Pelting Mangoes exhibits a new body of work that rescripts and re-signifies colonial portraits of Indian women during a period of 19th-century indentureship in Trinidad and Tobago. Over a million Indians were sent to the British colonies to continue the work of sugar production after slavery had ended. Within the population of indentured laborers, women comprised roughly 25 percent. This shortage of women also eventually led to jealousy and intimate partner violence. The same tool, called a cutlass used to cut cane, was now being used to murder some women. This form of physical violence continues today.
A French photographer named Felix Morin took these historical colonial photos. Morin had a studio in the capital of Port of Spain prominently situated, so it was easy to find. The images were part of a thriving photographic postcard industry that marketed the Caribbean as an exotic holiday destination for Western tourists. Upon closer inspection of these images, I realized the women were wearing similar clothing. Their jewelry suggested a manipulation or staging by the photographer to create a "brand" for consumption. These photographic postcards exist in the archive as a reminder of a colonial narrative that inflicted violence on the indentured workforce.
My choice to resurface these photographs in my new body of work is to acknowledge the colonial history in Trinidad and Tobago and resist the cultural and political work that these images continue to engender. I want to present these Indian women as women, not objects, and bestow upon them a sense of agency, however distant in time they are from me. Being an Indian woman from Trinidad, I feel vindicated in how I represent these women, and how the photographic archives continue to represent women like myself more broadly. My decision to paint and create "environments" or backgrounds is a way to decolonize Morin's photographs. If the women had a choice, I wondered how they would represent themselves? What colors or patterns would they love? Would they find kinship with me and the other women in the photographs that I have reworked? Most of all, I felt the utmost importance to respect and celebrate these beautiful souls. In trying to figure out titles, I decided to name these women after my family members. The women in the portraits represent all of the women who have come after them.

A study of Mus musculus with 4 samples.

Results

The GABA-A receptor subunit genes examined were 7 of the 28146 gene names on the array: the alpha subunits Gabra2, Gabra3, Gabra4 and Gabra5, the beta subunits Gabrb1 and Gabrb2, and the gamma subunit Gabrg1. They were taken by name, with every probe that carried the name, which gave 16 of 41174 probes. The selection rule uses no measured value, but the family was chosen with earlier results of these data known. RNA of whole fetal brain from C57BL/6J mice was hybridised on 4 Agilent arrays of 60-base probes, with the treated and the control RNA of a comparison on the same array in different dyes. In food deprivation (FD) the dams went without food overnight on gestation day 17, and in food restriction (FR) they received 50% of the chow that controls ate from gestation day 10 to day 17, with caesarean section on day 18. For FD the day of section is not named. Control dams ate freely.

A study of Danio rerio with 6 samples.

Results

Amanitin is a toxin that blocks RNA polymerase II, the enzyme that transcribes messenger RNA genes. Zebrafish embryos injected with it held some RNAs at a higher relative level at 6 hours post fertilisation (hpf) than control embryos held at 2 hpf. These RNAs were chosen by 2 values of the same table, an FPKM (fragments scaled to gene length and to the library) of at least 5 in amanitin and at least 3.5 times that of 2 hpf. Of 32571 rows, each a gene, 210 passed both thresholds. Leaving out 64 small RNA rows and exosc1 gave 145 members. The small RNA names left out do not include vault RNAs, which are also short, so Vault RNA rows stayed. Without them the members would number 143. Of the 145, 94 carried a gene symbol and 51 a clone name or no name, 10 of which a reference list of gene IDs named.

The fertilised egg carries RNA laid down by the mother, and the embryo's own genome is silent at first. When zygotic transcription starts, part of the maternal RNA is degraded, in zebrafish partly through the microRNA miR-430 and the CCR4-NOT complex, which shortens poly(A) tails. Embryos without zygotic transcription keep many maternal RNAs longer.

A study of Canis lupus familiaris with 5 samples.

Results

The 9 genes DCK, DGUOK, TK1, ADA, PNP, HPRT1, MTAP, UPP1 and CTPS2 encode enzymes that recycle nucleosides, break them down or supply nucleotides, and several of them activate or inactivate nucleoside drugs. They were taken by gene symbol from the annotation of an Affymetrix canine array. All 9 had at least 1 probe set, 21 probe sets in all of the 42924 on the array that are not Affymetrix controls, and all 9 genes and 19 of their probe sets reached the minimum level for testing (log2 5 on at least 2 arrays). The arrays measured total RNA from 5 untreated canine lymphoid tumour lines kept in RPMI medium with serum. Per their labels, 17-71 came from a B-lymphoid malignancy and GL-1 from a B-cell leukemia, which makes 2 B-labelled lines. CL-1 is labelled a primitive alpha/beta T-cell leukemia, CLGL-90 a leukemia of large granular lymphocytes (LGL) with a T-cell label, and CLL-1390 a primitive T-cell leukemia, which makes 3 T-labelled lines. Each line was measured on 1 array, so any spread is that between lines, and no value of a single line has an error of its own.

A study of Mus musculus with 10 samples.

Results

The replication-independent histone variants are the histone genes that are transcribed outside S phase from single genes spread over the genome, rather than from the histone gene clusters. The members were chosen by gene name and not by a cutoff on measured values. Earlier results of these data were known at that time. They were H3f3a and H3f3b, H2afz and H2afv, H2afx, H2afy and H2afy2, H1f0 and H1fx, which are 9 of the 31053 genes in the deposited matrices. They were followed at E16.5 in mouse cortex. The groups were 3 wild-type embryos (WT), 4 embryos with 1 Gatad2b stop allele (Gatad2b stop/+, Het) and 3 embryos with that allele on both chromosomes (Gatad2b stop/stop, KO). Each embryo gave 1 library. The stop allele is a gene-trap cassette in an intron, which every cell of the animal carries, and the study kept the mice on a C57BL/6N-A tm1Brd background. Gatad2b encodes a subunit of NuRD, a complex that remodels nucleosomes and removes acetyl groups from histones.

Where possible, I have not entirely erased the original backgrounds. However, the traces of the original photographs serve as a reminder of the colonial history in which the photographs emerged and the power of colonial representations in continuing to shape ideas of South Asian women today. Because of this, I believe proper representation matters, and taking hold of your narrative is a matter of survival.
RENLUKA MAHARAJ was born in Trinidad and Tobago. She is a multidisciplinary artist and my work incorporates photography with elements of performance, collage and painting. Her work seeks to illuminate a people, place or subject to create narratives that speak to gender, sexuality, religion and a colonial history. She lives and works between Colorado, New York City, and Trinidad. Working with photography, installations, research and travel, her work which is often autobiographical, investigates themes of history, memory, religion, gender and how they inform identity. She completed her B.F.A. at the University of Colorado Boulder and her M.F.A. at The School of the Art Institute of Chicago.
Image credit: Renluka Maharaj, Lillah, acrylic paint, glitter, rhinestones on canvas, 30x40 inches, 2020 (detail). Courtesy of the artist and FLXST Contemporary.